Dental care continues to vary nationwide, as personal-finance website WalletHub has compared all 50 states and the District of Columbia across 26 metrics to determine who has the best and worst oral health in the United States.
Factors ranged from the percentage of adolescents who had visited the dentist in the previous year to dental treatment costs to the percentage of adults with low life satisfaction due to the condition of their oral health.
Data was pulled from the Census Bureau, the Bureau of Labor Statistics, the Centers for Disease Control and Prevention (CDC), the Center for Health Care Strategies, the ADA, the Health Resources & Services Administration, and other government and organizational stakeholders.
Wisconsin had the best oral health, followed by North Dakota, Minnesota, Connecticut, Illinois, the District of Columbia, Michigan, New Jersey, Massachusetts, and Ohio. Arkansas had the worst oral health, preceded by Mississippi, West Virginia, Alabama, Louisiana, Alaska, Texas, Florida, Montana, and California. In other findings:
- Rhode Island has the lowest share of the population who couldn’t afford more dental visits due to costs at 37%, which is half of Georgia’s percentage, the highest at 74%.
- Hawaii has the most dentists per 100,000 residents, 49, which is 3.1 times more than Louisiana, the fewest at 16.
- The District of Columbia has the highest share of the population receiving fluoridated water, 10%, which is 8.5 times higher than Hawaii, the lowest at 11.7%.
- Minnesota, Hawaii, and Illinois have the lowest share of adults with poor or fair oral condition, 22%, which is 1.8 times lower than in Montana, the highest at 40%.
According to the CDC, 36% of adults haven’t seen a dentist in more than a year, impacting oral health. Yet WalletHub notes that a checkup only costs $90 to $137 on average, while a filling can cost $230 to $313 and a crown can cost more than $1,200.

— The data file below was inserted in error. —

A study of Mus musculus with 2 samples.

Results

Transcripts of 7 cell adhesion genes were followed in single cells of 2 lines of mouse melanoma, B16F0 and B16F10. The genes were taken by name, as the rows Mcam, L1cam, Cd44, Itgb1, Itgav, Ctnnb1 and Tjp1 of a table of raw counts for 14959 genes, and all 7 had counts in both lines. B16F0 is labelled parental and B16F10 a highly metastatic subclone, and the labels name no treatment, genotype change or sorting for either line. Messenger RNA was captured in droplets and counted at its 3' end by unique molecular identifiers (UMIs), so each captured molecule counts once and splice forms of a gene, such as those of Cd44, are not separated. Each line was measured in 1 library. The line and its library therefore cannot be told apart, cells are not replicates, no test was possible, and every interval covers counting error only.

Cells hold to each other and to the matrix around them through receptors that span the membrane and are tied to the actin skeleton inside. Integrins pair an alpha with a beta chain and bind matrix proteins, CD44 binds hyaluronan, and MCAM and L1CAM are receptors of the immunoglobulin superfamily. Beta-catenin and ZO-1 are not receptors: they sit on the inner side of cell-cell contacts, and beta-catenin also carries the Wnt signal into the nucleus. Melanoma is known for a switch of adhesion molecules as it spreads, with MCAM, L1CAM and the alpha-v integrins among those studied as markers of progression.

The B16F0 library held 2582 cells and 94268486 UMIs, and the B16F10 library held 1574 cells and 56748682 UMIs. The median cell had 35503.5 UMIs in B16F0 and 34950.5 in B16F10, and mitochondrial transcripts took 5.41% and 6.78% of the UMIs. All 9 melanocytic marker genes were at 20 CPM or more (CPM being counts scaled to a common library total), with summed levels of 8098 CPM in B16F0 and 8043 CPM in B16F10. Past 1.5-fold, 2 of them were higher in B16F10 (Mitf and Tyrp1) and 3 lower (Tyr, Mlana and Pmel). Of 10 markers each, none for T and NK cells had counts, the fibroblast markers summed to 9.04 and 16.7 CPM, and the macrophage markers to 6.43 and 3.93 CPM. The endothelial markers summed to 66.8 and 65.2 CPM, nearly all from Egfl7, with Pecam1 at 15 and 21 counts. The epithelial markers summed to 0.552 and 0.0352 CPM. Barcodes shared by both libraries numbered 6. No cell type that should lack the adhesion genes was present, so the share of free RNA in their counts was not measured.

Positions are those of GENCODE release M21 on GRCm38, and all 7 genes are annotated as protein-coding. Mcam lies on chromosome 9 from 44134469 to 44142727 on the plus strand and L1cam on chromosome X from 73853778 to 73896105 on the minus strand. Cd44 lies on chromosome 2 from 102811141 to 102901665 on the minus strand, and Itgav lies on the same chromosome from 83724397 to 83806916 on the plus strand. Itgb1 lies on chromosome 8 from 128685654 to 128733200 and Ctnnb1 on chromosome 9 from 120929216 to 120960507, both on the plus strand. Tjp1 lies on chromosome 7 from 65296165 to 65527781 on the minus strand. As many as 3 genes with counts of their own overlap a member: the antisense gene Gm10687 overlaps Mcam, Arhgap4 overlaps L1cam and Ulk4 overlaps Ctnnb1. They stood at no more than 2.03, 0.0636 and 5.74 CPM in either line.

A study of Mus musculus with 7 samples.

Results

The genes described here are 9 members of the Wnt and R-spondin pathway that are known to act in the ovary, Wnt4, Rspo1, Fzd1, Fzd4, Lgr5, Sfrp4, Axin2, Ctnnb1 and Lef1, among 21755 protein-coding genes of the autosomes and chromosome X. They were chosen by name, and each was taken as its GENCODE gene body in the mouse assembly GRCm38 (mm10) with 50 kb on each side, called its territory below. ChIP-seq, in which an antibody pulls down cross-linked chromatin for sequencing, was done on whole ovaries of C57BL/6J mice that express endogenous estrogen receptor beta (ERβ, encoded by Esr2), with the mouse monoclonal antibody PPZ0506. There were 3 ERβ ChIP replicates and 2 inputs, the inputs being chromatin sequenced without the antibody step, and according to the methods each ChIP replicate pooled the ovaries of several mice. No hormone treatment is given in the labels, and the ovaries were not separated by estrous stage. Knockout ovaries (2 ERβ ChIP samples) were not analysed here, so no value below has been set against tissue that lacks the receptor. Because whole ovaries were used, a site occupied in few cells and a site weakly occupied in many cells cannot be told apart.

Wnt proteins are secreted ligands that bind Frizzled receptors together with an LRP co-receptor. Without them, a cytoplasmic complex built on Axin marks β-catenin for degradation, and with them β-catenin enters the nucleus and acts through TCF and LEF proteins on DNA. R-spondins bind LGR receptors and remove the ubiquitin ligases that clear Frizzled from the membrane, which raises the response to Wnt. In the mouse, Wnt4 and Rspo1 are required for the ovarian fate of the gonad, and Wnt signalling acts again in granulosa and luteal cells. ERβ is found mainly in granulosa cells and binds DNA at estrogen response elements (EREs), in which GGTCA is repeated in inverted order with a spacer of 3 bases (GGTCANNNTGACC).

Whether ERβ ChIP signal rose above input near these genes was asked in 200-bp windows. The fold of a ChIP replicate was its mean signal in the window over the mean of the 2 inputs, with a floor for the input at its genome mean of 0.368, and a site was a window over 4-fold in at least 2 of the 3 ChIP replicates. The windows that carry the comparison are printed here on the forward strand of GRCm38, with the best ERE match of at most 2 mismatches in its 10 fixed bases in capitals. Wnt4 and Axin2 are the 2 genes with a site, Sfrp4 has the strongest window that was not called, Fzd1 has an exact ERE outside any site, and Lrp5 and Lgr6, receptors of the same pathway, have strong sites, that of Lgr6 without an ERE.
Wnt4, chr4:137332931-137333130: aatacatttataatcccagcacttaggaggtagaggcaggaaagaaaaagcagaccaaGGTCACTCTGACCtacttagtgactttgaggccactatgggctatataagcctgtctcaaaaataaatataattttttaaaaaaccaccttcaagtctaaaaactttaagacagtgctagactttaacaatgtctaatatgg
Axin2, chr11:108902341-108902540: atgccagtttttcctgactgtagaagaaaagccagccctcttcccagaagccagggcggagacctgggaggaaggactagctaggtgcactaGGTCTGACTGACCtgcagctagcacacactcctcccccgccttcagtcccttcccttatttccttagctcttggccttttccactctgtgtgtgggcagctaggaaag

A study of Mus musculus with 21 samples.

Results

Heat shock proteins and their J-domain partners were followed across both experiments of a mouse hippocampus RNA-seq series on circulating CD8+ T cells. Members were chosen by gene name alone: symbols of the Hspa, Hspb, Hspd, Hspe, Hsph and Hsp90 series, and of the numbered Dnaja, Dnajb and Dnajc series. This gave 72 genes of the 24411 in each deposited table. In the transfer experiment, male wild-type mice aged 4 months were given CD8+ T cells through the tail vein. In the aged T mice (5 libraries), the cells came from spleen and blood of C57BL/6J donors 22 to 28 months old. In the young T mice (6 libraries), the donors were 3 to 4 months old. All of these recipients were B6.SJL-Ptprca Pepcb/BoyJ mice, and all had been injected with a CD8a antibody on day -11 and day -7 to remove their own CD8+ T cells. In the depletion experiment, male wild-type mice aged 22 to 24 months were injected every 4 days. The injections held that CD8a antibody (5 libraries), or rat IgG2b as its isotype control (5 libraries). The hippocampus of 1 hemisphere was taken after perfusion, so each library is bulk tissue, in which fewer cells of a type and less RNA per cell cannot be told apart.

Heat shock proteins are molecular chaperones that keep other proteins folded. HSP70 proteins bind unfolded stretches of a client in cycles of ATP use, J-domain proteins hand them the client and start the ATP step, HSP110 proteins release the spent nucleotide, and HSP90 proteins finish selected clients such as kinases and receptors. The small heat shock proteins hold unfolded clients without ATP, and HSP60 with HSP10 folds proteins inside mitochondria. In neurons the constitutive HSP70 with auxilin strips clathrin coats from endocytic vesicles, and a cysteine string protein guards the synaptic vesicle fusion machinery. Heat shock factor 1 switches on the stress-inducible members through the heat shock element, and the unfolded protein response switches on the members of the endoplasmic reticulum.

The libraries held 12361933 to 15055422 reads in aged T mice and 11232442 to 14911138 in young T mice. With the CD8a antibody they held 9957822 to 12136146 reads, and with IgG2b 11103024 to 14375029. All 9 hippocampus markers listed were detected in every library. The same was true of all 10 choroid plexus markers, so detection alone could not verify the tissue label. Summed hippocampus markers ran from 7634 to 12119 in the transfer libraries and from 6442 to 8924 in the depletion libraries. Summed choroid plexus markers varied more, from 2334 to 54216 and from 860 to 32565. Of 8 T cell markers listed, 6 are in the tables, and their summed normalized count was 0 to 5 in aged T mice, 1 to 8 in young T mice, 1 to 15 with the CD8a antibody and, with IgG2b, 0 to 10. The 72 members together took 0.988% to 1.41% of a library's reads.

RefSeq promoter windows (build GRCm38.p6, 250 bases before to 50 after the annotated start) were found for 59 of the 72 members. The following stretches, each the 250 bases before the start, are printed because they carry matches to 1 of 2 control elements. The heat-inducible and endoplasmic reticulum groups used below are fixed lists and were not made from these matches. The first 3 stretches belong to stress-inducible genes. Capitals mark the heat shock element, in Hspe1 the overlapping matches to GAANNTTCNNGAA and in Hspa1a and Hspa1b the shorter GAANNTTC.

“It is much more cost beneficial to pay for preventive care than to have to pay for dental care to treat the disease,” said Pamela Rettig, RDH, MS, associate clinical professor of dental hygiene at the Indiana University School of Dentistry.
“Additionally, it is better to treat the disease when it is early onsite and may not cause pain as opposed to treating the disease when it advanced and causing symptoms. So a small cavity that does not cause pain is cheaper to treat than when it grows and causes pain,” Rettig said.
“Oral health is tied to well-being and overall health. Using tried and true methods to practice prevention of dental disease by disturbing bacterial biofilm on teeth and gums is easy and costs little but time and effort,” said Marji Harmer-Beem, RDH, MS, director of dental hygiene and associate professor at the University of New England.
WalletHub’s experts all agree that people can best protect and improve their oral health by brushing and flossing every day. Also, parents should model these behaviors and encourage healthy diets that avoid excess sugars to preserve their children’s teeth and instill good hygiene habits in them.
On top of these individual behaviors, the experts said, society plays a role in oral health as well.
“Communal water fluoridation is the single most effective preventive public health measure in the United States,” said Joan M. Pellegrini, PhD, RDH, associate professor at the Virginia Commonwealth University School of Dentistry.
“Children and adults benefit from topical application (by drinking fluoridated water) in providing more fluoride ion available in the mouth (saliva) to harden tooth structure (and to remineralize tooth structure already undergoing some demineralization,” said Pellegrini.
The experts also support programs that provide sealants to children in school, especially among low-income populations.
“I have personally participated in such programs and have found the results to be stellar. Sealants fill in the developmental pits and fissures on molars and premolars where dental decay occurs most frequently,” said Lynn Russell, associate professor and chair of dental hygiene at the University of Tennessee Health Science Center.
“Sealant placement prevents decay and may last up to 10 years. If a sealant were placed at age 6, it might stay in place until the child is a teen and more adept at taking care of his or her teeth and mouth,” Russell said.
“Dental care should be available to everyone. It should be included in Medicaid and Medicare. This would help to reduce barriers to care by a majority of the population,” said Meg Atwood, RDH, MPS, professor at the State University of New York, Orange.
“Basic dental coverage should be covered because of oral health’s impact on overall health,” said Amy Funk, chair at West Virginia University. “Oral health is just as important to an individual’s well-being.”